Genetic mutation increases one’s susceptibility to mesothelioma

University of Hawaiʻi
Postdoctoral research fellow and collaborator Angela Bononi in Carbone’s lab.

New research has found that individuals born with inherited mutations of the ‘BLM gene’ are more susceptible to developing mesothelioma, especially upon exposure to asbestos. The study was conducted by University of Hawaiʻi Cancer Center researcher Michele Carbone and collaborators, and was published in the Proceedings of the National Academy of Sciences.

Individuals who inherit two mutated copies of the BLM gene are affected by the rare Bloom Syndrome, characterized by short stature, a red rash over the nose and cheeks, mild immune deficiency and an increased susceptibility to develop various cancers. However, approximately one in every 900 individuals is born with only one inherited mutation of the BLM gene. The cells of these individuals produce only half of the normal amount of BLM protein, which was suspected, and has now been proven, to increase their risk of developing cancer.

Michele Carbone

Carbone’s previous discovery of the BAP1 mutation, which signifies an increased susceptibility to cancer, led to the investigation of other genetic mutations with similar functions-including those of the BLM gene. This resulted in the establishment of a specific clinical trial at the National Cancer Institute in Bethesda, Maryland, that addresses the potential future healthcare needs of carriers of germline mutations, who have a high risk of developing mesothelioma. In this trial, individuals born with genetic mutations are followed for prevention, early detection and personalized therapy when they develop cancer.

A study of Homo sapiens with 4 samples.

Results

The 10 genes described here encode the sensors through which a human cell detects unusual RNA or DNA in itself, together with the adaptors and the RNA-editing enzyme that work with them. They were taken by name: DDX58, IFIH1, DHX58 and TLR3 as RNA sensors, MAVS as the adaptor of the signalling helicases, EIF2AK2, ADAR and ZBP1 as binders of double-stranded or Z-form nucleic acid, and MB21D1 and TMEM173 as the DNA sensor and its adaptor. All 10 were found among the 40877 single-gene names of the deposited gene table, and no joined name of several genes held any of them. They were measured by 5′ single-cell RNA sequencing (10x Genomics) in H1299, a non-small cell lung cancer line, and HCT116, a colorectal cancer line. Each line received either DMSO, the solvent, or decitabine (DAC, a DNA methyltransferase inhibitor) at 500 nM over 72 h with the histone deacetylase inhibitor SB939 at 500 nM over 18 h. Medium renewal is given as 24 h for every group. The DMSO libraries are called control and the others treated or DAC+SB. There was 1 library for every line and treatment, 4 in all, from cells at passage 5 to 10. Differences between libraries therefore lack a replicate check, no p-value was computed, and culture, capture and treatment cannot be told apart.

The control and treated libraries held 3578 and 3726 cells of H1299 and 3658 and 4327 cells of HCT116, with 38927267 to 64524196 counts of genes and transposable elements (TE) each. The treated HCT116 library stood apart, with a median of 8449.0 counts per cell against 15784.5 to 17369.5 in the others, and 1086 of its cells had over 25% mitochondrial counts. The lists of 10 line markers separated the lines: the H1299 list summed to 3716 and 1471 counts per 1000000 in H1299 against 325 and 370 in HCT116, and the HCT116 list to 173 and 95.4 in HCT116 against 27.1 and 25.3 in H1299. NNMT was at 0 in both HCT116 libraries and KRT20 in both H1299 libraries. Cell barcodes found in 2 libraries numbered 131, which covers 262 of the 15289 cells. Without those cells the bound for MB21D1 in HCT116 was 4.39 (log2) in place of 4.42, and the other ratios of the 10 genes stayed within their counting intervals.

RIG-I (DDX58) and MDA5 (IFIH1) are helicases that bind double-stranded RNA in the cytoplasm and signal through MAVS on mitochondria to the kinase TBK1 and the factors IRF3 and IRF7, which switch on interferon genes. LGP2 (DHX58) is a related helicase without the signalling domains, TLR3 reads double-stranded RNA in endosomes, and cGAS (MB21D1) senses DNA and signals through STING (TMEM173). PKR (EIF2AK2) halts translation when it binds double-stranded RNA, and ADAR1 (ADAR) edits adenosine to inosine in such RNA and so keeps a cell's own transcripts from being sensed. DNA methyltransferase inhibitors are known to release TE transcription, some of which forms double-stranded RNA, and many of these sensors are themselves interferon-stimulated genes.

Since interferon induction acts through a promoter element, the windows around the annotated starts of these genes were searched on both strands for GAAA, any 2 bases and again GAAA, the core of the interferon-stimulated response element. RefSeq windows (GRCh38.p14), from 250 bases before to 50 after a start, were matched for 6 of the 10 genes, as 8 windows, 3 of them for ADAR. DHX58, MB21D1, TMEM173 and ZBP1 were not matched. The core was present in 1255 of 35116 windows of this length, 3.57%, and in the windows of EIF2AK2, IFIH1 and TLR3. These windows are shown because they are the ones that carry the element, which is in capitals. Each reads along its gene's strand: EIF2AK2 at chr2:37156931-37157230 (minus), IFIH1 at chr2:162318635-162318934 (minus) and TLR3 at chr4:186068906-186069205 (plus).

Population study in northern Nevada

To further this research, the National Institutes of Health has awarded Carbone a grant to study a population in northern Nevada, a population at risk of exposure to asbestos and to other harmful mineral fibers and carcinogens present in the natural environment.

The project is in collaboration with Haining Yang of the UH Cancer Center, and Joe Grzymski of the Desert Research Institute. The study’s goal is to identify carriers of genetic mutations who may be more susceptible to developing cancer when exposed to these carcinogens. The investigators have already found that 80 out of the 28,553 northern Nevada residents have inherited these BLM mutations, and should benefit greatly from prevention and early detection approaches.